It’s been 900 or so years since these primates—officially known as Xenothrix mcgregori—last lounged in Jamaica’s tropical trees, but thanks to a new DNA analysis published in the Proceedings of the National Academy of Sciences, we now know more about them than ever before.
Nov 16 2018
This Week in Forensic Science
No one has hours to scour the papers to keep up with the latest news, so we’ve curated the top news stories in the field of Forensic Science for this week. Here’s what you need to know to get out the door!
California Fires: Specialist DNA Teams Called in to Identify the 25 Dead (Mirror – 11/11/2018)
The Department of Justice has sent its mobile DNA lab while the California State Chico anthropology team was also called in, identifying bones and bone fragments from the scorched rubble.
DNA Forensic Pioneer Eisenberg Passes at 62 (Forensic Magazine – 11/12/2018)
- Dr. Art Eisenberg was a pioneer of forensic DNA science and helped make identifications in many major cases and events over the decades.
Hawksbill Turtle Poaching to be Fought with DNA Technology (The Guardian – 11/12/2018)
Researchers will use DNA technology to try to stop the illegal poaching of hawsksbill turtles for use in tortoiseshell products.
Warmer Winter Temperatures Linked to Increased Crime, Study Finds (Forensic Magazine – 11/13/2018)
Milder winter weather increased regional crime rates in the United States over the past several decades, according to new research that suggests crime is related to temperature’s effect on daily activities.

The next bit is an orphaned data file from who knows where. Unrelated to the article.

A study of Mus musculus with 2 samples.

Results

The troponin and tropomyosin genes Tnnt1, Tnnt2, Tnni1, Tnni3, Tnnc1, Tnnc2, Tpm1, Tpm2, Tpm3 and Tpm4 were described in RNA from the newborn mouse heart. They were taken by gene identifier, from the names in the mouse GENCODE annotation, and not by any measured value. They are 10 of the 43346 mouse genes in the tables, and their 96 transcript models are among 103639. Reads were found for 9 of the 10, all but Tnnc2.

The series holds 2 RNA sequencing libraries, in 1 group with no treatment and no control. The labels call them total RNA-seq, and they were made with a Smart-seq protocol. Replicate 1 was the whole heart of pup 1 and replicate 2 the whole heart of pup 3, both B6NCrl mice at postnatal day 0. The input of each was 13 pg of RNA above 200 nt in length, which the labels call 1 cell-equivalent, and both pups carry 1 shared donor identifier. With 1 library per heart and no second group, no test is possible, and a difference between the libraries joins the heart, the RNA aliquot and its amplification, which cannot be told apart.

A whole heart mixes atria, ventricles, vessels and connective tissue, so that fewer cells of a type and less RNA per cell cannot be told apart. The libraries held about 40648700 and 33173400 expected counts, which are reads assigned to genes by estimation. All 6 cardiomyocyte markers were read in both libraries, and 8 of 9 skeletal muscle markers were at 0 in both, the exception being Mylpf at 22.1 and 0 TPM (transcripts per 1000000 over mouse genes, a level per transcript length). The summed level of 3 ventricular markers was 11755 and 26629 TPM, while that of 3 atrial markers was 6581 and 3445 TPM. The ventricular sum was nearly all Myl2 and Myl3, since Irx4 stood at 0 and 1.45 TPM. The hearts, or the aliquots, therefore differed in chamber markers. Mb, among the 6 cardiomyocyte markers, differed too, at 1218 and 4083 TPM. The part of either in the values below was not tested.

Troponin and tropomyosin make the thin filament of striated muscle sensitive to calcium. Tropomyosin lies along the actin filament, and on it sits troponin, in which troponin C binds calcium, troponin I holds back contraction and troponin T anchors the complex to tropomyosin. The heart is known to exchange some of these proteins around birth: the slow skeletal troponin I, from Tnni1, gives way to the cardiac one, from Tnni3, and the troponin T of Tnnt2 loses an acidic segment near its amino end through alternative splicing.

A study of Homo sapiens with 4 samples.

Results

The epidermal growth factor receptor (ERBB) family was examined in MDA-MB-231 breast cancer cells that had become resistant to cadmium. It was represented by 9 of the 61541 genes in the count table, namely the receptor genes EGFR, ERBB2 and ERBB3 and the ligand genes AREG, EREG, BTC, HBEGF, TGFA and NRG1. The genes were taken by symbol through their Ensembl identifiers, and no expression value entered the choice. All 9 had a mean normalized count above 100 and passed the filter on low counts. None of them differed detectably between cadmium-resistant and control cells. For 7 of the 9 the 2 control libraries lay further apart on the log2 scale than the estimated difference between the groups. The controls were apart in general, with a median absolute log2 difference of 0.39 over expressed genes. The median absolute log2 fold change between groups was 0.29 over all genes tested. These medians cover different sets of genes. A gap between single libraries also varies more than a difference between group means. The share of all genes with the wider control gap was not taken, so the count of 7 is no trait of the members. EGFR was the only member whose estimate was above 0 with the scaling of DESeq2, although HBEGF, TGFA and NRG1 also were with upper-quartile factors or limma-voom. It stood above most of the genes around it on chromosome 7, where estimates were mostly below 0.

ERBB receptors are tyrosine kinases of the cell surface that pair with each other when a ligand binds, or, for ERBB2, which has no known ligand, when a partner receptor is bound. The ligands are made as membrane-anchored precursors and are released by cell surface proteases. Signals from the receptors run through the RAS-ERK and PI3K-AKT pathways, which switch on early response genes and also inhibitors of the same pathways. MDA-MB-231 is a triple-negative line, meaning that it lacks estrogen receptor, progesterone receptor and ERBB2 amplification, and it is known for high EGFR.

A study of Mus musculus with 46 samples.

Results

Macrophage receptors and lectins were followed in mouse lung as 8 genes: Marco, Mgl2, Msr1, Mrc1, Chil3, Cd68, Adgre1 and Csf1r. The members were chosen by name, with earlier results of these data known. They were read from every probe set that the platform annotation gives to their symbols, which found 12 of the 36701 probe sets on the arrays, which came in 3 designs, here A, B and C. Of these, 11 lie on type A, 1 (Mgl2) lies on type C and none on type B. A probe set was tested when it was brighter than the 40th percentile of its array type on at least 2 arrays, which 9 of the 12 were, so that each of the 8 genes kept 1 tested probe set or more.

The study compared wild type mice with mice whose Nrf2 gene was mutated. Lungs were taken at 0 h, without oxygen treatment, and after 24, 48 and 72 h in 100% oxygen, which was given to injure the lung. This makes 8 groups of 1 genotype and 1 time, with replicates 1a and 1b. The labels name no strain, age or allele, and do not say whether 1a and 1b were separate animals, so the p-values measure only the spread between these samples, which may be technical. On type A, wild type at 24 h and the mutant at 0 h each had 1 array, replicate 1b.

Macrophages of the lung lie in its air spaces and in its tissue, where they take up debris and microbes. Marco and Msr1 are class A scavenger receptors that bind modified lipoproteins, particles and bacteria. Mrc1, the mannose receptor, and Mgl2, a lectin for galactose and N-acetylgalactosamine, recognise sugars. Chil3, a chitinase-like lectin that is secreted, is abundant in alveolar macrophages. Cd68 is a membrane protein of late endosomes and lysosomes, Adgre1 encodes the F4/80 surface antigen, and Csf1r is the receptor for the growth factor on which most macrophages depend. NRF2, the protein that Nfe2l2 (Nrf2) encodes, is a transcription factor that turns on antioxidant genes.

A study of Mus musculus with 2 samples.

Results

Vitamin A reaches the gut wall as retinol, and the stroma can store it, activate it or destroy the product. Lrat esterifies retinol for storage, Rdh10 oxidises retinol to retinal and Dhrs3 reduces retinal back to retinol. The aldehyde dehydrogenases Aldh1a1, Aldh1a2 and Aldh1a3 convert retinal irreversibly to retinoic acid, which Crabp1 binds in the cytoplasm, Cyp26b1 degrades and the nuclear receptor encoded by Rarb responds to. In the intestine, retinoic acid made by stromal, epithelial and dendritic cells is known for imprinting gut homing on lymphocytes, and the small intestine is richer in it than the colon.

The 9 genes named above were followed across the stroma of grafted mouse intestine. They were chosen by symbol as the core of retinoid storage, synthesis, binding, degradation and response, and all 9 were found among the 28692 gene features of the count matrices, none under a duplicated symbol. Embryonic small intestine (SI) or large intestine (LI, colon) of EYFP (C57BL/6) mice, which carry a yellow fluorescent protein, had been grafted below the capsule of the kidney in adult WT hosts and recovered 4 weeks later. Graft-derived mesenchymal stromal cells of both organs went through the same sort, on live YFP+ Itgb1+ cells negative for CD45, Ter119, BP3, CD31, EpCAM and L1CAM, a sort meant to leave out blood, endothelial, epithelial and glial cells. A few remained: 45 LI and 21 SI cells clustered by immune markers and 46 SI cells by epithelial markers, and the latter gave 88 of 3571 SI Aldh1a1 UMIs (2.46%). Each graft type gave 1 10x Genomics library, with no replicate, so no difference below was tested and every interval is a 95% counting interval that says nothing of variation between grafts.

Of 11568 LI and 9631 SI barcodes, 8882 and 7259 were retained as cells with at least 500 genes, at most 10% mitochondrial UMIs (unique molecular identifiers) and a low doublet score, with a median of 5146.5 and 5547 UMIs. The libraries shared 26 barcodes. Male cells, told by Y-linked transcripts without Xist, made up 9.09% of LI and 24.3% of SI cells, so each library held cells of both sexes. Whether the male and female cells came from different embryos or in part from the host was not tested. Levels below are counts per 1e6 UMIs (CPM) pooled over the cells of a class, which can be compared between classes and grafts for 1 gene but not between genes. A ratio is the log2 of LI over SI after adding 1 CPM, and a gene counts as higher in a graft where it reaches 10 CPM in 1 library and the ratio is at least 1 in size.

New Forensic Journal ‘FSI: Synergy’ Aims to Get Niche (Forensic Magazine – 11/13/2018)
How does one get the entire forensic science community on the same page?
One new academic journal proposes the way is through an open-access online publication tackling interdisciplinary policy and management questions that could affect everybody, from crime-laboratory directors, to forensic analysts, to police detectives.
He or She? Remains Tell the Whole Tooth (Technology Networks – 11/13/2018)
A team led by UC Davis researchers have come up with a new way to estimate the biological sex of human skeletal remains based on protein traces from teeth.
Genealogy Cracks Another Cold-Case Homicide in Carlsbad (Forensic Magazine – 11/14/2018)
The 2007 murder of Jodine Serrin has been solved through genetic genealogy after over a decade, authorities say. Genealogists Barbara Rae-Venter and Colleen Fitzpatrick, as well as Parabon NanoLabs, helped make the DNA connection to David Mabrito.
DNA Analysis Offers Insights on Origins of Extinct Jamaican Monkey (Smithsonian – 11/14/2018)
DNA Testing Identifies Soldier Remains After ‘Needle-in-a-Haystack’ Search for Descendants (ABC.net – 11/14/2018)
Science is helping solve some of Australia’s most enduring military mysteries, finding names of previously unidentified soldiers who died more than a hundred years ago.
How Scavengers Can Help Forensic Scientists Identify Human Corpses (Phys Org – 11/14/2018)
The University of Cape Town has researched decomposition since 2014. The results have helped to understand the role that scavenging plays in calculating post-mortem intervals and has already been applied to active forensic cases.
New Hampshire’s Most Infamous Cold Case Leads to Unrelated 1985 Tenn. Homicide (Forensic Magazine – 11/14/2018)
- Perhaps the most infamous homicide cold case in American history had an unintended breakthrough: identifying a murder victim found by the side of an interstate in 1985, authorities announced today.It all came down to the search for an elusive “Elizabeth”—and the filing of a missing-persons report, 33 years after a runaway girl was last seen at her home in New Hampshire.
WOULD YOU LIKE TO SEE MORE ARTICLES LIKE THIS? SUBSCRIBE TO THE ISHI BLOG BELOW!